In a voice vote on Monday, Nov. 17, the U.S. House of Representatives passed a bill to raise the price of federal duck stamps from $15 to $25. The bill now moves to the Senate.
"Ducks Unlimited's goal is to have the Duck Stamp Act of 2014 signed into law by the end of the year," said Katie Murtha, DU's chief policy officer. "The time is now."
Indeed it is. The battle to provide the duck stamp program with much-needed teeth has waged for about five years; meanwhile inflation and land values have continued to rise, further decreasing the conservation power of each stamp sold. That's why, in addition to DU, Delta Waterfowl and about 30 other conservation groups support the increase.
Duck stamps haven't increased in price since 1991—before I was even old enough to legally hunt. Here's why I find this unacceptable:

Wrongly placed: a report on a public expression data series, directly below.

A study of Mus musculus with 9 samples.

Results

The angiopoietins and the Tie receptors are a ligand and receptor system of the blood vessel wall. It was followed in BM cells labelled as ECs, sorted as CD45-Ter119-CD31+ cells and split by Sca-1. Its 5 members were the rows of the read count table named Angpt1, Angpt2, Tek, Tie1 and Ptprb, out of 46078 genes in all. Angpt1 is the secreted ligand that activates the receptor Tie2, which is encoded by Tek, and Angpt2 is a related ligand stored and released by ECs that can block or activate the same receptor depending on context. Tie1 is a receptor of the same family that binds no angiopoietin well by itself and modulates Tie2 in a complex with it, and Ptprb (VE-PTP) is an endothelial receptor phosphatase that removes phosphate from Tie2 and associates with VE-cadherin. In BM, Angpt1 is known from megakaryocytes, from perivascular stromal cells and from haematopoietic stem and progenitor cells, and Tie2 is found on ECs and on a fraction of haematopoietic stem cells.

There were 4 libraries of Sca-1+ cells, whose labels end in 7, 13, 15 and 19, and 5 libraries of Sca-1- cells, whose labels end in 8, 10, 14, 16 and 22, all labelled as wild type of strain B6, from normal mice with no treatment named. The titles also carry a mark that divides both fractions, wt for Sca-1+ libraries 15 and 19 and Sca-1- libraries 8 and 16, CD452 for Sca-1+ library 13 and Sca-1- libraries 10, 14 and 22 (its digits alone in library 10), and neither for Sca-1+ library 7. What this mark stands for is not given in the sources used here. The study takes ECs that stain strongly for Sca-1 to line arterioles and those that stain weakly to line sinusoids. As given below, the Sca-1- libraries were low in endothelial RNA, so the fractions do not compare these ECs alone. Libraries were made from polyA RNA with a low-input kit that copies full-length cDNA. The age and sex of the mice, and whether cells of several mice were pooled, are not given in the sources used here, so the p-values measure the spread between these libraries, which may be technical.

• Funds generated by sales of "migratory bird hunting and conservation stamps" are vital to wetlands conservation. About 2.5 million acres in the Prairie Pothole Region (PPR) have been conserved through federal easements since 1934, including 7,000 waterfowl production areas (which, by the way, also preserves public-hunting opportunities). Preservation of PPR grassland is absolutely vital to maintaining stable waterfowl populations.
• While the price per stamp has not increased, land values have skyrocketed during the last 20 years. In Minnesota, for instance, the average price for an acre of land in 1998 was $400—today it's $1,400, a 250-percent jump. Though 98 cents of every dollar spent on stamps goes to conservation, a dollar simply doesn't have the buying power it did twenty years ago. Accounting for inflation, $15 in 1991 equates to $26 today.
To me, the most frustrating aspect of the duck-stamp price debate is the resistance it's received from a few hunters. To me it's simple: Do we want to adequately fund the most successful conservation program in the history of North America or let it fade away? Do we want ducks, or would we rather have a measly $10 in our wallets?